Draft 'experts' don't really know

I get tired of these so-called draft experts who profess to know where a player would have been drafted had he turned pro a year earlier – or a year later.

Truth is, they don't know.

These same experts said Reggie Bush would be the No. 1 overall pick. He went No. 2. These same experts said quarterback Matt Leinart would be taken third or fourth in the draft. He went 10th. These same experts said LenDale White would be the second running back taken behind Bush. White was the fifth running back, the 45th overall pick. These same experts projected Florida receiver Chad Jackson would go in the first round. He went in the second.

So when you hear an expert say Leinart would have been the No. 1 overall pick if he'd come out last year, don't buy it. Leinart did nothing to hurt his draft stock between his junior and senior season. Maybe he would have gone No. 1. Maybe not.

Remember, these same guys had quarterback Aaron Rodgers going first or second in the first round last year. He went late in the first round.

I say this not to pick on NFL draft experts, but to point out the uncertainty of how the draft will play out.

Each year, Lindy's SEC Football magazine charges me with projecting the top 10 SEC pro talents. Last year, two of three NFL experts that I contacted rated Florida quarterback Chris Leak ahead of Jay Cutler of Vanderbilt.

Based on that information, I listed Leak, who was eligible to turn pro, ahead of Cutler. Cutler, of course was the No. 11 overall pick. Leak stayed in college.

This year, the two experts who rated Leak No. 1 last year didn't put him in the top 10 among SEC pro prospects.

What a difference a year makes.

Some of last year's projections were pretty accurate. Of the SEC players that were in the draft, the order was Cutler, Jason Allen of Tennessee, DeMeco Ryans of Alabama, Marcus McNeill of Auburn, Jesse Mahelona of Tennessee, Andrew Whitworth of LSU, Freddie Roach of Alabama and Gerald Riggs of Tennessee.

Cutler and Allen were the first two SEC players taken. Ryans was the fifth, McNeill the eighth, Whitworth the ninth. Each was taken in the first two rounds.

Mahelona went in the fifth round. Roach and Riggs went undrafted, Riggs in part because of a broken ankle.

Two players who cracked the SEC top 10 were juniors: Jonathan Joseph of South Carolina and Chad Jackson of Florida. LSU running back Joseph Addai, Alabama defensive back Roman Harper and Georgia cornerback Tim Jennings were in the top 10.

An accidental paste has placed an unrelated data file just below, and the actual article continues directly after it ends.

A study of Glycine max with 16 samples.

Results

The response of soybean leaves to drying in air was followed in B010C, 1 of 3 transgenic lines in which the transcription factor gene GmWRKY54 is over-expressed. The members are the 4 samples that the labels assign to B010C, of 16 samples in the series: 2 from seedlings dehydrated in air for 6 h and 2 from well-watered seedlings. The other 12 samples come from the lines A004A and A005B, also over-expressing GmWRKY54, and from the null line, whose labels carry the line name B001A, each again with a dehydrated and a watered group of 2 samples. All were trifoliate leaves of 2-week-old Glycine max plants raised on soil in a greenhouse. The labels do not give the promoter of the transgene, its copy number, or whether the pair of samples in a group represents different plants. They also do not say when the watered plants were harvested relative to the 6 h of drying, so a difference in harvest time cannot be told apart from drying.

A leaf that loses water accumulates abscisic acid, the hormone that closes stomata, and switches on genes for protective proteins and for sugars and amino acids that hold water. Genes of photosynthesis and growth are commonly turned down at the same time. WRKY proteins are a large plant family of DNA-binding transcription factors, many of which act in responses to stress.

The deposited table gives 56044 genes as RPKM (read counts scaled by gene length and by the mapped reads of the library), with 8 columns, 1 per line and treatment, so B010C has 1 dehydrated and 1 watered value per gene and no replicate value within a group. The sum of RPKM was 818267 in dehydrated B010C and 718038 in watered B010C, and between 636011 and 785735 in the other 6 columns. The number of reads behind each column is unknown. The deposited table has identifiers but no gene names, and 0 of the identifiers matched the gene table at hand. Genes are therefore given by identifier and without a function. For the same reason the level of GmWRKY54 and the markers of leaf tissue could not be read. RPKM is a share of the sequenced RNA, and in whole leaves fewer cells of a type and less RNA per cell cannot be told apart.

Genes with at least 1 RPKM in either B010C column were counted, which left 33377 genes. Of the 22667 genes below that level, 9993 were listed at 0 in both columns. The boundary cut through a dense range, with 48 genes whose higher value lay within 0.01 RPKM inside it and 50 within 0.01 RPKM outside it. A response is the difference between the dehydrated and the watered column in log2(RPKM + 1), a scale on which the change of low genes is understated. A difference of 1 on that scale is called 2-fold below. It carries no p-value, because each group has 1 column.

Of the eight SEC underclassmen who turned pro early, Joseph went in the first round, Jackson the second round, Leonard Pope of Georgia the third round, Ko Simpson of South Carolina the fourth round, Dee Webb of Florida and Stanley McClover of Auburn the seventh round. UT's Rob Smith and Tony McDaniel went undrafted.

Regarding next year, two draft analysts told me Tennessee will have two of the SEC's top 10 NFL prospects. Defensive tackle Justin Harrell figures to go in the first round and offensive lineman Arron Sears in the second round.

The No. 1 SEC pro prospect for next year: Georgia defensive end Quentin Moses.

FLORIDA PRODUCES MOST HIGH DRAFT PICKS

NFL draft analyst Mike DeTillier of South Louisiana had an interesting note in his publication, M & D Draft Report.

DeTillier noted that the state of Florida had 49 high school players taken in the first or second round of the last five NFL drafts. Second was California with 35, followed by Texas (33), Georgia (29) and Alabama, Louisiana and South Carolina (12 each).

Mississippi had nine, Tennessee six, Arkansas four and Kentucky one.

Of the six from Tennessee, only two signed with the Vols: John Henderson and Eddie Moore, who originally committed to Ole Miss before UT made a late push.

The other four: Dewayne Robertson (Kentucky), Josh Bullocks (Nebraska), Tyrone Calico (Middle Tennessee State) and Ken Hamlin (Arkansas).